Let’s Talk About Villains

 

You know, those nasty characters who bring conflict to the story with their dastardly deeds. The writer can pluck the worst and best emotions from a reader by creating believable villains. Readers will keep turning the pages to find out if these ne’er do wells get what he or she so justly deserves.

I’ve created a list of my Favorite Villains from books and movies. I’m sure you have some hum-dingers of your own. Please share them!

 

10.) King Edward Longshanks: In Braveheart, how very villainous of the King to invoke Primae Noctis—the right of the a lord to take any newly married Scottish woman to his bed. The injustice is enough to make him despicable.

9.) Snidely Whiplash from Rocky and Bullwinkle: Snidely holds the mortgage to Nell’s home and threatens to evict her if the mortgage isn’t paid. I could never figure out why he tied her to the train tracks, but we children booed anyhow. Also, Snidely has a villainous sneer and is sneaky. More booing.

8.) The Sheriff of Nottingham: The nemesis of Robin Hood, the Sheriff upholds the law not because it’s the right thing to do but because he wants to curry favor with the King. We’ve all known people like him. My favorite sheriff was played by Alan Rickman in Robin Hood, Prince of Thieves. (1991) Boo. Hiss.

7.) Gordon Gecko in Wall Street: First of all, lovely name. Second, greed isn’t good and if you shuddered when he gave his famous iconic speech, we are of the same generation. The oily hair helped make him a repulsive character.

6.) Fagen, from Charles Dickens’s Oliver Twist: He did take in those street kids and he did teach them a trade. However, anyone who hurts children is a surefire villain. Unfortunately, we read about people like him too frequently in modern times.

5.) Boyd Crowder, the smooth-talking bad boy in Justified: (On the FX channel.) This character is taken from a book by Elmore Leonard called Fire in the Hole. Boyd is complicated because he’s so darn likeable and has some good traits, (and is a hunk with great hair) but the bad things he does are really bad.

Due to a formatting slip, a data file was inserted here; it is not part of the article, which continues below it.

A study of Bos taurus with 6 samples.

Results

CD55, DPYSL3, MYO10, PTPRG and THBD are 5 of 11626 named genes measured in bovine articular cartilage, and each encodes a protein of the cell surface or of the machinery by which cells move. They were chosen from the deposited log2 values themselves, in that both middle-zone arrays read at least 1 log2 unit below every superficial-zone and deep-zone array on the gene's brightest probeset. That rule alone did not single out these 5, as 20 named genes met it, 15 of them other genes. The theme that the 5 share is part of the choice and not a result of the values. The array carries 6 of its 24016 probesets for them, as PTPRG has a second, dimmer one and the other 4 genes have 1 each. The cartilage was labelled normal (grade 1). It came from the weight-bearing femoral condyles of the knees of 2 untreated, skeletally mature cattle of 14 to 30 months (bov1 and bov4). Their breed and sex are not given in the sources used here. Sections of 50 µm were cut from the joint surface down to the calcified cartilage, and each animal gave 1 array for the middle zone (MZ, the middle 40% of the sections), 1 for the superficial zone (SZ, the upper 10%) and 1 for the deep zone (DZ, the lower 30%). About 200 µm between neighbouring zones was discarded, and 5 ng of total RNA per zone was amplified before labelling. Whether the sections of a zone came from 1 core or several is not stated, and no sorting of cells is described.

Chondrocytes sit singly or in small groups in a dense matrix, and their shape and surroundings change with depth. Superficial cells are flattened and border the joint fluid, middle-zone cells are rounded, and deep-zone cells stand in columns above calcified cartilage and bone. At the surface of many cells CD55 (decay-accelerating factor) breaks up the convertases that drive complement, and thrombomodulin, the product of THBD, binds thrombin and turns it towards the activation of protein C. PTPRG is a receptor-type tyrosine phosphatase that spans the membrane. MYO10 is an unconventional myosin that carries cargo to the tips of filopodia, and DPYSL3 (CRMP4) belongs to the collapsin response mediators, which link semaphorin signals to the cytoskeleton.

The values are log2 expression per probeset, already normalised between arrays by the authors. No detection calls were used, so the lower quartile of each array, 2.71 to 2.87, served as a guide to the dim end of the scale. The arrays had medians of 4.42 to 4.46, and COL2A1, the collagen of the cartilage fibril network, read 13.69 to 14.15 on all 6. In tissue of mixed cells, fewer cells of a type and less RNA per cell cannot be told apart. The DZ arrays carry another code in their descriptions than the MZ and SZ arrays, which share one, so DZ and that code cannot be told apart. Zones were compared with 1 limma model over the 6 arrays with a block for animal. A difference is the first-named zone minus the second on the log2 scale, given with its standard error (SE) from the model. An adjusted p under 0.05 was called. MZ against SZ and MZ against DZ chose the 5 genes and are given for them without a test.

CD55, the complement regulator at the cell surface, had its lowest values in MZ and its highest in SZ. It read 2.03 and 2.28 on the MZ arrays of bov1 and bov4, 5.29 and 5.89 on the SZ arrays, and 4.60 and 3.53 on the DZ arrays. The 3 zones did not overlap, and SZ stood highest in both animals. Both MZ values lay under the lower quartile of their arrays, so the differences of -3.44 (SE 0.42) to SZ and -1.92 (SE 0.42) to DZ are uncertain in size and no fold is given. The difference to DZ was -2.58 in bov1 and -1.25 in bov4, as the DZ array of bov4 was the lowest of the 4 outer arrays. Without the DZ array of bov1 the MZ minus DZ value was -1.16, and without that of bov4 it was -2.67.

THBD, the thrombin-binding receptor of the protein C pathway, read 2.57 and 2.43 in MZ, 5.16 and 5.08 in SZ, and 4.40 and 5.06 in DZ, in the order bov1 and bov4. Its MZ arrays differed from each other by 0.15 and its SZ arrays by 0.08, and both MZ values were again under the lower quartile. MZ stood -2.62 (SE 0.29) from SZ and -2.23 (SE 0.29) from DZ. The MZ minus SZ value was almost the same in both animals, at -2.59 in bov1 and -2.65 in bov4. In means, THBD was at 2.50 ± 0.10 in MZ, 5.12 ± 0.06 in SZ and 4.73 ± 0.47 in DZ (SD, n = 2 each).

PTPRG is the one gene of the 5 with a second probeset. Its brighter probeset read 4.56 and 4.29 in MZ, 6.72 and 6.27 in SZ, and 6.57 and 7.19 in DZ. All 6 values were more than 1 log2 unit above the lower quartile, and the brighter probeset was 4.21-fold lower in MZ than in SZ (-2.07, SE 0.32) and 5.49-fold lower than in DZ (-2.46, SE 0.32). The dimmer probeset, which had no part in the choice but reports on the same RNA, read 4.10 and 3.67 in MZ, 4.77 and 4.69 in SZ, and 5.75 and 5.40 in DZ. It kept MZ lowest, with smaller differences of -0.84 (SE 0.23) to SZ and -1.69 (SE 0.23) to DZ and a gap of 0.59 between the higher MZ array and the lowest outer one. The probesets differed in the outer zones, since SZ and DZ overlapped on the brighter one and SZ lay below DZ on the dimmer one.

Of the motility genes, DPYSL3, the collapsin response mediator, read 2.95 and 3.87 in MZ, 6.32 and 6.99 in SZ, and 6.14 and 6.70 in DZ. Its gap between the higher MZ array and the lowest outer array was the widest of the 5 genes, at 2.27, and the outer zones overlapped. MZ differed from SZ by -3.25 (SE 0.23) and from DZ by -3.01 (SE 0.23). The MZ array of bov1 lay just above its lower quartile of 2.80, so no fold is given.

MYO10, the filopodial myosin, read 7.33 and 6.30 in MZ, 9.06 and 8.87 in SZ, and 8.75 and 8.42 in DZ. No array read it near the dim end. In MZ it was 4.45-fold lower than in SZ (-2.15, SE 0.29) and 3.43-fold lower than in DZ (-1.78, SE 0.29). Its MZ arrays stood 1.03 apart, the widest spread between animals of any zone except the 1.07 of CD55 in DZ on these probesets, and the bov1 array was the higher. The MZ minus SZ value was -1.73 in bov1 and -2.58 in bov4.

4.) The Grinch created by Dr. Seuss: We laugh at his antics but the message is clear.

3.) Wicked Witch from The Wizard of Oz by Frank Baum: Again a villain who wants to harm children. Her laugh gave me the chills. Bad dreams are made of this.

2.) Inspector Javert: In Les Miserables, by Victor Hugo, no amount of sympathetic backstory makes up for this dude’s obsession with Jean Valjean, the man who stole a loaf of bread to feed his nephew and went to prison for his crime. Even after Valjean served out his prison sentence, Javert won’t give him any peace.

Number 1. Hannibal Lecter from Silence of the Lambs by Thomas Harris: The devil himself. The Master Villain. Nothing redeemable there. A villain to keep us up at night.

 

There are so many more great villains but these are my favorites!

 

Sarah Richmond

 

 

 

 

Sarah Richmond is the author of A Perilous Proposal and its sequel, A Secret Engagement. Two Edwardian mysteries/love stories with plenty of villains, and a heroine and hero working diligently to make sure they don’t win.